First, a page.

Like to look at a story as well as read one? This year saw a number of excellent graphic novels and memoirs, and NPR's Books We Love has plenty of ideas for your next story. Today, here are suggestions from a few of our colleagues.


CHLOE VELTMAN, BYLINE: My name's Chloe Veltman. I'm a correspondent on NPR's culture desk. My book is "Artificial: A Love Story." It's a graphic memoir by New Yorker cartoonist Amy Kurzweil. In the book, Amy describes how she and her father, famed futurist, technologist and inventor Ray Kurzweil, harnessed the power of artificial intelligence to connect with the grandfather Amy never knew.

Fred Kurzweil, the grandfather, died in 1970. He was this talented conductor and pianist from Vienna, Austria. He fled the Nazis just before Kristallnacht in 1938 to begin a new life in the United States. Through words and meticulously detailed pen-and-ink drawings, this smart and spiritual graphic memoir not only chronicles the process Amy and her father Ray go through to create a chatbot version of their forebear, but it also asks these really big questions about how we memorialize the people we love and the relationship between technology and humanity.


NICOLETTE KHAN, BYLINE: I'm Nicolette Khan. And I work with NPR's research, archives & data strategy team. I read quite a few graphic novels this year, and "Mimosa" by Archie Bongiovanni was one of my favorites. The book explores the lives and friendships of four 30-something queer people in Minneapolis, Minn. Chris, Jo, Elise and Alex are navigating work, sex, relationships and parenting, all while trying to find joy and community through organizing a queer dance night for people over 30. I love this book because it explores how messy and complicated friendships can be, especially as people age and change and try to meet the expectations they've set for themselves and each other. It's a smart, cool, raw and funny slice of queer millennial life.


BETH NOVEY, BYLINE: My name is Beth Novey, and I'm a producer on Books We Love. And this year I wrote about "I Must Be Dreaming" by Roz Chast. Roz Chast is a cartoonist for The New Yorker, and in this book, she catalogs and illustrates her own dreams, which, as it turns out, are totally bizarre. She has a dream where she runs into Henry Kissinger at the dentist. She dreams that there's a new holiday where children run through the streets clutching armloads of forks and spoons. Other people's dreams are notoriously uninteresting. But Chast is so funny and her dreams are so weird that she really makes it work. I thoroughly enjoyed my romp through her subconscious, and I'd recommend this book for anyone who loves her humor or who is interested in what your brain is doing after you fall asleep.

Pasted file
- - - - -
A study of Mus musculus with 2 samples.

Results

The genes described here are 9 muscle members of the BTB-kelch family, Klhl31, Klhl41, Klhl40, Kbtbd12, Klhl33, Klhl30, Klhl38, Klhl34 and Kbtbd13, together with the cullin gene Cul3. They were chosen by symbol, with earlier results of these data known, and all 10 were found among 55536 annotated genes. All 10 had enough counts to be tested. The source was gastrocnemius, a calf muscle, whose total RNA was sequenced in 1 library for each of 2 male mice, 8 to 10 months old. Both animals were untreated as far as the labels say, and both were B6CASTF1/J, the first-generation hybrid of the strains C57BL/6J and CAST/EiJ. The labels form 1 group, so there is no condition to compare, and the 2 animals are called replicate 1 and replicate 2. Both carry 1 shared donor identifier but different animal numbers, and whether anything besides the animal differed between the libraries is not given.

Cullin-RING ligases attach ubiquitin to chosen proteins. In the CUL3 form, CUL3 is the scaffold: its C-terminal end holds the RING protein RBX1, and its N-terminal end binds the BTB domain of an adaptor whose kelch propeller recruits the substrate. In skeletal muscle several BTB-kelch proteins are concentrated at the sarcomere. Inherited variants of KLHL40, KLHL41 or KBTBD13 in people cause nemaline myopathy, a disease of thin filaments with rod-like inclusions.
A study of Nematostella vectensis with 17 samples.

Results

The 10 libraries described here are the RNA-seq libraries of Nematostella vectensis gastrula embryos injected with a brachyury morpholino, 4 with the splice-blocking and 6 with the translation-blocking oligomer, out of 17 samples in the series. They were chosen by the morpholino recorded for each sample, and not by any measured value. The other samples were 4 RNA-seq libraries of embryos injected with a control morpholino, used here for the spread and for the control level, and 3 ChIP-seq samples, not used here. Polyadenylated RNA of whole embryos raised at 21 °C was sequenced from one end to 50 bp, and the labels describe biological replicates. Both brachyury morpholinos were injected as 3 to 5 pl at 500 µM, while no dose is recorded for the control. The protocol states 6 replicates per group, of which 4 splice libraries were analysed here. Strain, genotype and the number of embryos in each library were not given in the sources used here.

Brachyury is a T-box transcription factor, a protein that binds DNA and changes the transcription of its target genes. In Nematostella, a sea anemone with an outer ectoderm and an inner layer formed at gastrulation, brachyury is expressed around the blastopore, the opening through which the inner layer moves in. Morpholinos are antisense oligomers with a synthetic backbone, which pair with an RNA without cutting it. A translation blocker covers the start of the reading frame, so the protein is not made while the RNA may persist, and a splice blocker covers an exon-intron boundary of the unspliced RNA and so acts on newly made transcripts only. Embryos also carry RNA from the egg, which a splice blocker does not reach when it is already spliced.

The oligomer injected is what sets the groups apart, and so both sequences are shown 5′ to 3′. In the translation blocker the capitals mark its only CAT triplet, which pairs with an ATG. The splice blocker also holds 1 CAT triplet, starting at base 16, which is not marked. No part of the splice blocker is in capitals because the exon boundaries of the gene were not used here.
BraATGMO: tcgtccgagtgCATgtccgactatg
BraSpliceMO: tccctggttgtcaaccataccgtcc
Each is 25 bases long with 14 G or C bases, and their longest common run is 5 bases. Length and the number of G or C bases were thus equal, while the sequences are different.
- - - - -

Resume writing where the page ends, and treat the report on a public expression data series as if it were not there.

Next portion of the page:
RASCOE: That was Beth Novey, who suggests "I Must Be Dreaming," Nicolette Khan with "Mimosa" and Chloe Veltman with "Artificial: A Love Story." For more ideas, you can find the full list of books we love at

(SOUNDBITE OF MUSIC) Transcript provided by NPR, Copyright NPR.

NPR transcripts are created on a rush deadline by an NPR contractor. This text may not be in its final form and may be updated or revised in the future. Accuracy and availability may vary. The authoritative record of NPR’s programming is the audio record.

Beth Novey is a producer for NPR's Arts, Books & Culture desk. She creates and edits web features, plans multimedia projects, and coordinates the web presence for Fresh Air and Wait Wait ... Don't Tell Me!
Meghan Collins Sullivan is a senior editor on the Arts & Culture Desk, overseeing non-fiction books coverage at NPR. She has worked at NPR over the last 13 years in various capacities, including as the supervising editor for – managing a team of online producers and reporters and editing multi-platform news coverage. She was also lead editor for the 13.7: Cosmos and Culture blog, written by five scientists on topics related to the intersection of science and culture.
Nicolette Khan
Chloe Veltman
Chloe Veltman is a correspondent on NPR's Culture Desk.